Jul/Aug 2016

Clarifying Scar Revision Techniques and Their Proper Use—Reply

Author Affiliations
  • 1Department of Dermatology, University of California, Davis, Sacramento
  • 2Sutter-Pacific Medical Foundation, California
  • 3Department of Dermatology, University of California, Davis, Sacramento

Copyright 2016 American Medical Association. All Rights Reserved. Applicable FARS/DFARS Restrictions Apply to Government Use.

JAMA Facial Plast Surg. 2016;18(4):317. doi:10.1001/jamafacial.2016.0769

In Reply We thank Thomas and colleagues for their impassioned commentary regarding our article,1 and we would like to address some of the issues that have been raised regarding our study.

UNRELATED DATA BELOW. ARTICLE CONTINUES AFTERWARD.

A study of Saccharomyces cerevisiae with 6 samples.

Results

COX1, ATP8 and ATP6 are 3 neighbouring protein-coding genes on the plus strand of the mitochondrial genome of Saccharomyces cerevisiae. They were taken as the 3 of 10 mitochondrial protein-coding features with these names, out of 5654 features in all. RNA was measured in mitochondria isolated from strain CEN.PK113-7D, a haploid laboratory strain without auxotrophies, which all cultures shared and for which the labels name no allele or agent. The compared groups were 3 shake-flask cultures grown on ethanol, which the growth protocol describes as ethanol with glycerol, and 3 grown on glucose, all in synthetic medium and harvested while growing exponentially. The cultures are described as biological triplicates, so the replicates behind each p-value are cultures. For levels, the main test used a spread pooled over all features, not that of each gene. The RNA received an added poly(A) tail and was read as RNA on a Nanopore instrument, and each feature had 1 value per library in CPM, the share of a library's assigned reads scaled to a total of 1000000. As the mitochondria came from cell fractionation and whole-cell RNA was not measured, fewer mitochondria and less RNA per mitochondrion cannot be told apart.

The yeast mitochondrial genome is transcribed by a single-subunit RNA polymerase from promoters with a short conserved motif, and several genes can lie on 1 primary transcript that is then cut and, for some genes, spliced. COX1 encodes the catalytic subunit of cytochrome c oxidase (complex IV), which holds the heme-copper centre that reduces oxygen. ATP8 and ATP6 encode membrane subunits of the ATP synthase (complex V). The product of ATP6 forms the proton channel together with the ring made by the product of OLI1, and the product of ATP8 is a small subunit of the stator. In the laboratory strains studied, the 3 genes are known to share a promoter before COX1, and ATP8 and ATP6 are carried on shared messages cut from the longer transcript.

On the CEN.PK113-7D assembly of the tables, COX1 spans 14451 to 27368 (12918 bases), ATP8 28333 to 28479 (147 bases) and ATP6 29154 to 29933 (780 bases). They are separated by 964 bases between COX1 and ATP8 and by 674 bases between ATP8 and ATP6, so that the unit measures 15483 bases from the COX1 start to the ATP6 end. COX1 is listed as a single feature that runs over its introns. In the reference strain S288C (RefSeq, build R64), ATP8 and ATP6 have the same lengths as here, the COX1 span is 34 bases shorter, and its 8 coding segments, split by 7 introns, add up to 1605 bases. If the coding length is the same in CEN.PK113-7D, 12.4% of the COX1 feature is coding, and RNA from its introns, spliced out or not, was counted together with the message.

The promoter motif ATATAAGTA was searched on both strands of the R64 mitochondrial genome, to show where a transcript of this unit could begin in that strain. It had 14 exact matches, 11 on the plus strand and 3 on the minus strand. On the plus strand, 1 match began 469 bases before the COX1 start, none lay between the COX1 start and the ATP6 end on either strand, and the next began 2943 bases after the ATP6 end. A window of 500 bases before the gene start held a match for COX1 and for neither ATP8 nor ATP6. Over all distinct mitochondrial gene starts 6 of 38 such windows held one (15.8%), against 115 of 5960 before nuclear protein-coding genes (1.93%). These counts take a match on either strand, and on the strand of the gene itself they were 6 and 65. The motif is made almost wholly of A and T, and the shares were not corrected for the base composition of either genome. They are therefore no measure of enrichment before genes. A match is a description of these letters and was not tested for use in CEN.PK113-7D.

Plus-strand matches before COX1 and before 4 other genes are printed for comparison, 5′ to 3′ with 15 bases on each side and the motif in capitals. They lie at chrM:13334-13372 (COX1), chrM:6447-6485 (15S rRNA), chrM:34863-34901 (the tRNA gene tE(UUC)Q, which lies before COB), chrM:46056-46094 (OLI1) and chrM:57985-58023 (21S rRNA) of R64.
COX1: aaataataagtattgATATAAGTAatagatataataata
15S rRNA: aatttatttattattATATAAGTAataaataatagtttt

First, Thomas and colleagues state, “Because linear primary closure and secondary scar revision techniques using Z-plasty or W-plasty have such different indications and uses, comparing them as done in this study is, at the least, incongruous and inappropriate.” When considering revision techniques to address a suboptimal scar, where functional or free margin distortion is not a concern, one option is simply to excise it and close it primarily. Or alternatively one could use a Z-plasty or an excision with W-plasty. Both Z-plasty and W-plasty rely, in part, on the notion that an irregular zigzag scar is less noticeable than a linear one. Given these are some available revision options, and little was known on the public's perception of linear vs zigzag scars, this seemed like a good basis for our study. Public perception is an important aspect when considering any scar revision method and our study provides valuable data in that regard.